Most of us have heard the well-known adage that “sticks and stones may break my bones but words will never hurt me.” Most of us also know that this statement is completely false! It’s true—words can’t physically break a bone, but they can definitely cause pain that takes much longer to heal than a fractured ankle or a broken arm.
In fact, in addition to the words you speak, there are several other actions that can hurt those you love without causing any bodily harm. Some of these you may even be doing without intentionally meaning to. For this reason, it’s good to occasionally take inventory of the things you do and say to make sure you aren’t sending harmful signals to those you care about. Here are five things to consider when evaluating how you interact with others.
Sarcasm can send valuable—and sometimes even funny or poignant—messages to those you interact with. It is particularly effective in comedy sketches, op-ed segments on the nightly news, and specific presentations in front of an audience. When used with those closest to you, however, sarcasm can have devastating effects. Before you say something sarcastic to a loved one, make sure you aren’t using the tactic to hide a stinging comment or unkind criticism. It’s also important to recognize that the more often you use sarcasm with a spouse, child, or friend, the more difficult it can become for that person to determine whether what you are communicating is true or is something said in jest. This can jeopardize a person’s trust in you. It can also make a powerful statement about your own character, identifying you as someone who is insecure and who shames or manipulates others.
2. Passive Aggressive Behavior
Passive-aggressive behavior is a close cousin to the destructive type of sarcasm addressed above and can be equally harmful to relationships. Passive-aggressive behavior is similar to sarcasm in that it veils hostility with something else, usually some type of indirect action. These actions send messages to your loved ones that say, “I don’t care about your feelings” or, “I don’t support your choices.” The more frequently you send dismissive signals like this, the more likely you are to alienate and hurt those you care about. Giving others the silent treatment, making subtle jabs at a loved one’s imperfections, intentionally acting sullen but not explaining why, acting out of stubbornness simply to demonstrate that you disagree with someone, and deliberately failing to follow through with a promised task or chore can all be forms of passive-aggressive behavior.
3. Body Language
Body language has the power to convey both positive and negative feelings to those you care about. Your stance and other physical cues you display can intimidate others or come across as dismissive. Consider, for example, how a friend or colleague might feel if you enter a room where she is sitting at a desk and tower over her while speaking to her. Having to look up at you rather than straight at you could make her feel like a child listening to a parent. When you really want to connect with someone as you speak with her, it’s best to physically get on her level and sit face to face.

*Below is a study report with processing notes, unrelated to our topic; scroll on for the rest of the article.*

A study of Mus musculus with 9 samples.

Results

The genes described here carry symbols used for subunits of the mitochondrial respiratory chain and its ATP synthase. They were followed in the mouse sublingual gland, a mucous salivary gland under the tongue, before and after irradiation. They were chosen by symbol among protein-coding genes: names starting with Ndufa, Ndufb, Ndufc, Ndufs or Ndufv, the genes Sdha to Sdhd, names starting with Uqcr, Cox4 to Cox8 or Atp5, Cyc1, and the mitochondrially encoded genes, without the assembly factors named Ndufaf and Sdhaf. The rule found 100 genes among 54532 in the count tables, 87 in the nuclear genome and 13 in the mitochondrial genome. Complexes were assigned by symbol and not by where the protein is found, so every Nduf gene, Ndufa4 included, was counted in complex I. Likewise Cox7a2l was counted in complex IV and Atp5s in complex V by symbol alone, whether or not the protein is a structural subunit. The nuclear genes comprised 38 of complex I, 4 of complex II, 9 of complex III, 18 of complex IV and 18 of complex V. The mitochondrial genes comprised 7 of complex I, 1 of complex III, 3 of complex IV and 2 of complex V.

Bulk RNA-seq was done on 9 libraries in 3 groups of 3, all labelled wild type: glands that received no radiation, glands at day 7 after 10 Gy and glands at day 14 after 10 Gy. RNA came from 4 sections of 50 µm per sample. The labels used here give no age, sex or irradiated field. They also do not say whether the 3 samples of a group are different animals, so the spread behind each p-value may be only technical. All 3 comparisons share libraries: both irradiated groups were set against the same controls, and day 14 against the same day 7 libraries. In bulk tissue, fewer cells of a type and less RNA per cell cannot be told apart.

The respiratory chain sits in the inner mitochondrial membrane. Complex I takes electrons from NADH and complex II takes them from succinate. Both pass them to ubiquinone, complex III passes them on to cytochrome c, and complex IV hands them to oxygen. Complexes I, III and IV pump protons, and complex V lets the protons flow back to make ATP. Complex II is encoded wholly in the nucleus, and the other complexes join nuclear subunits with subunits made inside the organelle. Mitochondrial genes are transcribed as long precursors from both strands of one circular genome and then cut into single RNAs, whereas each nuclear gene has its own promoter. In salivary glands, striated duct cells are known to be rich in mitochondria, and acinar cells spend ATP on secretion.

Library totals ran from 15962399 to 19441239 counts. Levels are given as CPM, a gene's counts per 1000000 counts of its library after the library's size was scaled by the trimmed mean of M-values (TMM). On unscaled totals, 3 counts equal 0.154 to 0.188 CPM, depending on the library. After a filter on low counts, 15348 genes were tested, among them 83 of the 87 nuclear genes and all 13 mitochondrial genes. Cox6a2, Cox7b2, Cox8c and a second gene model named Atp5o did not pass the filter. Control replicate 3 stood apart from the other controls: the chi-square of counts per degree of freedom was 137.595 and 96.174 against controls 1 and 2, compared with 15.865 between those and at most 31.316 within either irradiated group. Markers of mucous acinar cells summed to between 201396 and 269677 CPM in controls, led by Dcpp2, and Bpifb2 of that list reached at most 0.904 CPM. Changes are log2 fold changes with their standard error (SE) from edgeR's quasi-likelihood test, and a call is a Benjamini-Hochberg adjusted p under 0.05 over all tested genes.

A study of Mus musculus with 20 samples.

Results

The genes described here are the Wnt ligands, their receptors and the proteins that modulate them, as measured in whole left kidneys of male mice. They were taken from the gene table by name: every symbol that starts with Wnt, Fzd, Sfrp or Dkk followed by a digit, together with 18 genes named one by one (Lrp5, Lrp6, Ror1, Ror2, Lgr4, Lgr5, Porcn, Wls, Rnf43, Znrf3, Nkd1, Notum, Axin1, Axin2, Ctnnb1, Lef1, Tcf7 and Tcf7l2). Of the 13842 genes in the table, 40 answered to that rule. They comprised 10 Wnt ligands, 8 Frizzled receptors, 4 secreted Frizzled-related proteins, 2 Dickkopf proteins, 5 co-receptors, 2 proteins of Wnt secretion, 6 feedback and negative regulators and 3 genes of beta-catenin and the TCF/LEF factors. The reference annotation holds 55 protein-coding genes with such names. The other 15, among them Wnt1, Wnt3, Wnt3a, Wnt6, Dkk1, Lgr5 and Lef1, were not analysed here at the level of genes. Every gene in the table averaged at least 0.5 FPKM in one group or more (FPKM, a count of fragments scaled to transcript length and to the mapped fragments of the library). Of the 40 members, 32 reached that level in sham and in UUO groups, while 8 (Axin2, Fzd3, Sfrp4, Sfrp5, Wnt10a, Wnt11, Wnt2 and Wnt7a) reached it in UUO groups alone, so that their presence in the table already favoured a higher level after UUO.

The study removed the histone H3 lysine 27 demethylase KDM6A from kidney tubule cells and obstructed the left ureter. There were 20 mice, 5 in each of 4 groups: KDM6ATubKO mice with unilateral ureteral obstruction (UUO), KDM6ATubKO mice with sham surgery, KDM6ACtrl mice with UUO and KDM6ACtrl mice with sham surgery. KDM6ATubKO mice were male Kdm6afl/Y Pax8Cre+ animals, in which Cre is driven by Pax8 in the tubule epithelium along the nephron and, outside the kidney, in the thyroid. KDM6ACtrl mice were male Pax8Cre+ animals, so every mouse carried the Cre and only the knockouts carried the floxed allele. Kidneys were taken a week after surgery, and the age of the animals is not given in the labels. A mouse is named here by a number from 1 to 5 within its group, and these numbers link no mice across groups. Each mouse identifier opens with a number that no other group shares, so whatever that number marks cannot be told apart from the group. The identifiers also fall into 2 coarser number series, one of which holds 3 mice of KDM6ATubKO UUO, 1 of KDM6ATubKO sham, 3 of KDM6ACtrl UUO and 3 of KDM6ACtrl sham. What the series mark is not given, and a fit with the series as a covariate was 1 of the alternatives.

It’s also important to pay attention to what your hands do when talking with someone. Drumming your fingers on a desk can imply that you’re bored or don’t really care about what the other person is saying. In some cases, the person you’re speaking with may infer that you are drumming your fingers to deliberately demonstrate your displeasure.
4. Eye Contact
Eye contact is closely related to body language. Children, in particular, are more prone to feel safe, loved, and respected when you take the time to stop what you’re doing, look at them, and listen to them. When you don’t look them in the eyes, they often infer that you don’t care about what they are saying or, worse, that you don’t care enough about them to look at them. Similarly, a spouse is more likely to feel appreciated and valued when you look him in the eyes while talking rather than looking down at your smart phone and casually responding with a nod or an “uh-huh” every so often.
5. Being Late
Regularly showing up late to meetings may also demonstrate to others that you don’t take them seriously or care enough about them to be on time. This is even true of showing up late to casual gatherings such as lunch with a friend, yoga class with your neighbors, or Sunday dinner at your parents’ home. Every once in a while, it’s inevitable that you will be running late. If, however, you find that it’s become a pattern, make a concerted effort to leave earlier and remind yourself that it can make those you care about feel like you don’t value their time or company.
Regularly asking yourself whether or not you engage in any of the above five behaviors will give you a chance to change how you communicate with others and build stronger, more resilient relationships.
Essential Oil Tip
Sometimes, evaluating your actions in order to make a change, can be troubling—inducing guilt or regret for past behavior. Don’t let those feelings stop you from changing for the better. To help renew your spirit during such times, try creating a blend of essential oils to diffuse while meditating or getting ready for your day. I love a blend of Douglas fir, bergamot, juniper berry, myrrh, arborvitae, and thyme. Experiment with different amounts of each oil or even a combination of only a few of these oils until you find just the right blend to renew your spirit.
PS. Using essential oils to help manage your emotions is a helpful skill that can boost performance in your work and personal life. To learn more click the link below!